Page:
HCMC – On October 20, 2014, Vietnam implemented a 50 percent reduction in personal income tax (PIT) for individuals who are working in the country’s economic zones. The recent tax change was outlined in the Ministry of Finance’s Circular 128/2014/TT-BTC, replacing Circular 176/2009/TT-BTC.

Economic zones are special areas in Vietnam that possess special economic regulations and provide measures that are conducive to foreign direct investment. These zones are organized into functional areas, such as non-tariff, bonded, export processing, industrial, and tourism.


  • Resident or non-resident employees who have employment contracts with businesses located in the economic zones
  • Employees who are sent to work in the zones by businesses not located in them
  • Individuals working at waste treatment facilities outside the zones

PIT snapshot

According to the PIT Law, PIT is levied on the worldwide income of Vietnam residents and on Vietnam-sourced income of non-residents, irrespective of where the income is paid. The tax calculation and finalization procedure for Vietnamese locals and expatriates is the same, but that for residents and non-residents are different.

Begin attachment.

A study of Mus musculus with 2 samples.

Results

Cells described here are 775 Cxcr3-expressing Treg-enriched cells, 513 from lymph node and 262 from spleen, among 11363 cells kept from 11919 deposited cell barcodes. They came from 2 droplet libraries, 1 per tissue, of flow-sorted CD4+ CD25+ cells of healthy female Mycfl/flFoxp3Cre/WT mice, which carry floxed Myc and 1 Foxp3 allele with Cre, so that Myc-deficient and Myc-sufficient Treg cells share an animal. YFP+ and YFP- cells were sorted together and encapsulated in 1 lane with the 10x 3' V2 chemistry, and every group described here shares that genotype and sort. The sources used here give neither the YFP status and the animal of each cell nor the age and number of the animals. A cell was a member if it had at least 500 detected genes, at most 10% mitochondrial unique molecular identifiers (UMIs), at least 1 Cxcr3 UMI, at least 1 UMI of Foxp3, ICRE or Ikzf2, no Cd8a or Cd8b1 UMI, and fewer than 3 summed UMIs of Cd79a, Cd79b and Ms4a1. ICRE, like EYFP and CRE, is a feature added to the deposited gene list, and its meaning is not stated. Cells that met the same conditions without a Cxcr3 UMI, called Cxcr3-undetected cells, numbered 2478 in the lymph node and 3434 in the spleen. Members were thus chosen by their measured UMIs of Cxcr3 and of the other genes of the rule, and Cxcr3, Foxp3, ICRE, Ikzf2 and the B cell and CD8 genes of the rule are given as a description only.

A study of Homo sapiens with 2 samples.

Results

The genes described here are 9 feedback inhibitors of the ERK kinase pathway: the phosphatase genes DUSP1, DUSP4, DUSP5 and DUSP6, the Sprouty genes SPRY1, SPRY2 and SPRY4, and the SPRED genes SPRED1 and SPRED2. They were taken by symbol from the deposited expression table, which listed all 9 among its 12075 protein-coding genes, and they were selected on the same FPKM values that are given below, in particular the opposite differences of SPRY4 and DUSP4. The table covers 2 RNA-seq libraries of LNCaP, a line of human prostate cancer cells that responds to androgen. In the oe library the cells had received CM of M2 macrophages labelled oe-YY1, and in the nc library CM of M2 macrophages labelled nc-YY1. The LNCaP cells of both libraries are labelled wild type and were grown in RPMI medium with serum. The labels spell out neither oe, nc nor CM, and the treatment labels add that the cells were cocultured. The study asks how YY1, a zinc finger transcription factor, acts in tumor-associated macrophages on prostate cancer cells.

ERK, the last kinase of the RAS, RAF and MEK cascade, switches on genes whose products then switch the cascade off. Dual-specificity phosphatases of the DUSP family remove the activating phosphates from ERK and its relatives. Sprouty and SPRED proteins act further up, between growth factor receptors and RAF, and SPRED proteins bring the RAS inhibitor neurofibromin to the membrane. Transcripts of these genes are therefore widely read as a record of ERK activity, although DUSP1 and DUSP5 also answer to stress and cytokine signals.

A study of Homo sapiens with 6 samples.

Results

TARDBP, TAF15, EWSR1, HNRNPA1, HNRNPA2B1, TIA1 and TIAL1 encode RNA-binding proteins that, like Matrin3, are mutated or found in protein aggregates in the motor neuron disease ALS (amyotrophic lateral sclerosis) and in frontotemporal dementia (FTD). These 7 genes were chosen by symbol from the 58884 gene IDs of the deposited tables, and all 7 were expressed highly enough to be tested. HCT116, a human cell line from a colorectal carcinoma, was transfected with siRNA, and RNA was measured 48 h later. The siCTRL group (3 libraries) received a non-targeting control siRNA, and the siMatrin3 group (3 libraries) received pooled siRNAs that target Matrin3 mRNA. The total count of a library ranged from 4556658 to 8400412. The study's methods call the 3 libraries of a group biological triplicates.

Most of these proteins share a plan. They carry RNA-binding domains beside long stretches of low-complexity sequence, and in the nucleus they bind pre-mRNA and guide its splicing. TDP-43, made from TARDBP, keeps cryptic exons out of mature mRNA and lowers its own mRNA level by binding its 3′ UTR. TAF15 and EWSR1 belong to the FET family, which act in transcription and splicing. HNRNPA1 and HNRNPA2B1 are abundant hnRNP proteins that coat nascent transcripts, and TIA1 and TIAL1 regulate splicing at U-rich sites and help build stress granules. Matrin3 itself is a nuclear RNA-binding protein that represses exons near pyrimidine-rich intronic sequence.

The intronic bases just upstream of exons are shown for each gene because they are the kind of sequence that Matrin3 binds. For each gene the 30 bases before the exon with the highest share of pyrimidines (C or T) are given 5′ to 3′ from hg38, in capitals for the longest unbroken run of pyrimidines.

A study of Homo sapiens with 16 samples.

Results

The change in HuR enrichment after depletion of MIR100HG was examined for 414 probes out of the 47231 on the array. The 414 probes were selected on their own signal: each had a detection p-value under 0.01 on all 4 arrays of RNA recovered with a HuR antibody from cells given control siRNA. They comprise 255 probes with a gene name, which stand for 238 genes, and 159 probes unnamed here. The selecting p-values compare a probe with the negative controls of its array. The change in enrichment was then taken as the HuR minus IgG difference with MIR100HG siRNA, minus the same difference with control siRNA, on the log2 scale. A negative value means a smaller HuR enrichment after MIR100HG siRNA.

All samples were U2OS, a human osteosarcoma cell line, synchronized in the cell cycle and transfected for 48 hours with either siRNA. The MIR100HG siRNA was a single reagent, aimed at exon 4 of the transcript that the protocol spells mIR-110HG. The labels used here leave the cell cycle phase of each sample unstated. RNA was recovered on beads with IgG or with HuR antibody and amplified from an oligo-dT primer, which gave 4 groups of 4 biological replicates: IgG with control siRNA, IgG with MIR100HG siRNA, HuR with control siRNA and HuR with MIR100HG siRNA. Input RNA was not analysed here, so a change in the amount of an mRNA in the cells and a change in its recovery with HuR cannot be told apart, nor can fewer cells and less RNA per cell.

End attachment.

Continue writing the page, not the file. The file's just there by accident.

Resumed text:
• Incomes from business activities
  • Wages received from employers
  • Capital investment
  • Capital transfer
  • Property transfer
  • Prizes
  • Royalties
  • Commercial franchising
  • Inheritances in forms of securities, capital contribution in companies or economic organizations, real estate and other assets requiring the registration of ownership or use right
  • Gifts in forms of securities, capital contribution in companies or economic organizations, real estate and other assets requiring the registration of ownership or use rights

Resident taxpayers are subject to PIT on their worldwide employment income, irrespective of where the income is paid or earned, at progressive rates from five percent to a maximum of 35 percent. Employment income includes salaries, wages, allowances and subsidies, remuneration in all forms; benefits earned for participation in business associations, boards of directors, control boards, management boards and other organizations; premiums and bonuses in any form except those received from the State.